The Mentoring Resources Committee was initially constituted as a task force in 2006.
The task force served an important role in the University by helping to identify and support mentoring opportunities that distinguish Wilkes as an exceptional learning community. The Mentoring Resources Committee is charged with reviewing applications for mentoring funds and awarding funds for student travel grants and university wide project fund grants.
The Mentoring Resources Committee Purpose Statement
Wilkes University embraces a culture that is committed to developing mentoring relationships. These connections and networks will be manifested in a variety of ways, giving students not only the opportunity to be mentored, but to mentor others. Developing and sustaining relationships that provide personal and professional guidance will be the hallmark of a Wilkes education.
These documents helped launch the Mentoring Task Force, now known as the Mentoring Committee.
Many grants under the Project Fund support activities that are sustained over a set period of time (summer, semester, academic year) and that involve budget requests up to $25,000. The Project Fund application is used for all grant requests with the exception of travel grant requests for student presenters of academic research conducted with a faculty mentor.
What types of activities can be supported by a mentoring project grant?
Mentoring project grants strengthen the mentoring culture at Wilkes by funding activities that support meaningful mentoring relationships. Past grants have supported summer research experiences for undergraduates, interpreted broadly to include research, scholarly, or artistic activities that pair an experienced faculty member with a student for a sustained summer project. We will continue to encourage requests for research, scholarly, and artistic experience grants that connect students with faculty mentors. Proposals that request funding for new approaches to mentoring for faculty, students (graduate and undergraduate) and staff are also encouraged, as are projects that pair Wilkes students with K-12 students.
Requests for smaller projects are also accepted under the project fund. We expect that requests for smaller grants will cover a broader range of activities, such as funding for speakers or educational materials. Project funds can also be requested to cover some of the expense associated with attendance at conferences or meetings by students who are not presenting. Mentoring funds cannot be awarded for projects or trips associated with credit bearing courses.
What budgetary items can be covered by a mentoring project grant?
A project grant can be used to underwrite stipends for mentors, summer salary for student researchers, necessary materials and supplies, and travel expenses if they can be justified as integral to the proposed project. Students working on non-credit bearing scholarly projects during the fall and spring semesters may receive wages. Requests to support expenses for students attending, but not presenting, at a conference or meeting will be considered, but there will be $400 per student cap on awards for these requests. International travel by students will be eligible for funding consideration up to the $400 limit. For any one academic conference/meeting, a limit of $3000 will be awarded, whether the awards support mentoring project grants or student travel grants for conference presentation with faculty mentor. In most cases, faculty and staff travel expenses will not be covered by mentoring funds.
Are there restrictions on items or activities that will be considered for funding under a mentoring project?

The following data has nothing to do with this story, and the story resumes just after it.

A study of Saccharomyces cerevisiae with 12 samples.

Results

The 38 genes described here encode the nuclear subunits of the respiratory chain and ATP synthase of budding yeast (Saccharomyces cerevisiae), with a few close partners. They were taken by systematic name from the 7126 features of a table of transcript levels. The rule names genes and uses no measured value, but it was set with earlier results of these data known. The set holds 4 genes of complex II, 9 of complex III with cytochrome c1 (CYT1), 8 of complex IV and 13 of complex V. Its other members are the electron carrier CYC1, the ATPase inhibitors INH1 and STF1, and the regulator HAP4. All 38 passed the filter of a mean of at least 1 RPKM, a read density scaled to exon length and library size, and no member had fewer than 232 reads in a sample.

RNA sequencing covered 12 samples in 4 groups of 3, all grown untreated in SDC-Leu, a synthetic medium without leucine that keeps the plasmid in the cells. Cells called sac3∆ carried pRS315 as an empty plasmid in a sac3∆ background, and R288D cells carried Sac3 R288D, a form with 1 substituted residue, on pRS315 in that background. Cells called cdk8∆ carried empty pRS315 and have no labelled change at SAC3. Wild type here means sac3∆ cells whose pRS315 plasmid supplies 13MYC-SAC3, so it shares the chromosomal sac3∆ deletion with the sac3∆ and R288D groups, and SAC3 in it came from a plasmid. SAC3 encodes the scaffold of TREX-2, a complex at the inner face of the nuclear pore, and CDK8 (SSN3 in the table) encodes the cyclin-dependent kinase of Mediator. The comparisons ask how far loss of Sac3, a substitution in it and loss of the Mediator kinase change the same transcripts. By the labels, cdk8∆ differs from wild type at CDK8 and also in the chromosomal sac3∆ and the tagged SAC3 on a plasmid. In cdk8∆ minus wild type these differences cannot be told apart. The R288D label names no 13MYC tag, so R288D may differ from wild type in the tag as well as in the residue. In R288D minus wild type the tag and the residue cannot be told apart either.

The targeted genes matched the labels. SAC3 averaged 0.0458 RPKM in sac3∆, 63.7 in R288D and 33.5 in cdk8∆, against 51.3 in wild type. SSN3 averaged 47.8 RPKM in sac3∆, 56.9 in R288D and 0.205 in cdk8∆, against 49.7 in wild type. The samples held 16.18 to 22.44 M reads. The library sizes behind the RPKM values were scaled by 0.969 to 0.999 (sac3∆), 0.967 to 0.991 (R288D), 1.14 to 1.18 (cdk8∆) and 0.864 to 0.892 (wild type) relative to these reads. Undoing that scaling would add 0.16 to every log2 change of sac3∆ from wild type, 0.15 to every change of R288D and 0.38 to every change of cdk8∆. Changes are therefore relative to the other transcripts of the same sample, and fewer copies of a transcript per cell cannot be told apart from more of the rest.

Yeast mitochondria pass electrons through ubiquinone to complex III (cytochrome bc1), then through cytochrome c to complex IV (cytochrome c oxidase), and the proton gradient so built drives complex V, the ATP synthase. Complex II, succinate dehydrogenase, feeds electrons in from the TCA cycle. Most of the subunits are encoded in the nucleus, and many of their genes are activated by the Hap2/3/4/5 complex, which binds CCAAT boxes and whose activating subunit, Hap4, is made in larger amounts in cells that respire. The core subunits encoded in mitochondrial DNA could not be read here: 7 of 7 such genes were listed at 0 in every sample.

Mentoring project grants cannot be used for scholarships or tuition, for costs associated with credit-bearing study tours, for computers and computer peripherals, capital improvements or equipment, or to underwrite activities or responsibilities that fall within the normal or customary responsibilities of a department or office. The mentoring project fund is not open to applications that request funds to supplement a department’s or program’s operating budget or to primarily underwrite food or beverage expenses (the Mentoring Resources Committee has provided unit deans with an allocation to support social activities among faculty, staff and their majors). While some proposed projects may directly or indirectly benefit individuals who are not affiliated with the University, applicants are reminded that members of the Wilkes community should be the primary beneficiaries of grant funding. Requests to fund activity that has already taken place will not be considered.
The Mentoring Resources Committee reserves the right to adjust line item requests.
What are the most common reasons that proposals don’t get funded?
Applicants are encouraged to follow the guidelines carefully and complete each section of the application. The reviewers will not look favorably on proposals and/or budgets that are disorganized, confusing or vague. Applicants should be as detailed as possible in describing the proposed activity and in explaining how the activity outputs and outcomes cultivate a meaningful mentoring relationship. While it is important to develop the context of the activity that a grant would underwrite, proposals should not focus primarily on the details of the research, scholarly or creative project itself, but on the benefits of the activity in supporting learning and helping to meet the developmental needs of the proposed mentee(s).
How do I access funds if I get a mentoring project grant?
Amy Edwards, Coordinator of Grant Compliance in the Office of Sponsored Programs and Grant Support, will assist you in managing the budget, submitting any paperwork that may be required by human resources or payroll for faculty, staff and students, and maintaining required documentation on purchases made with grant funding. She can be reached at ext. 4368 or at email@example.com.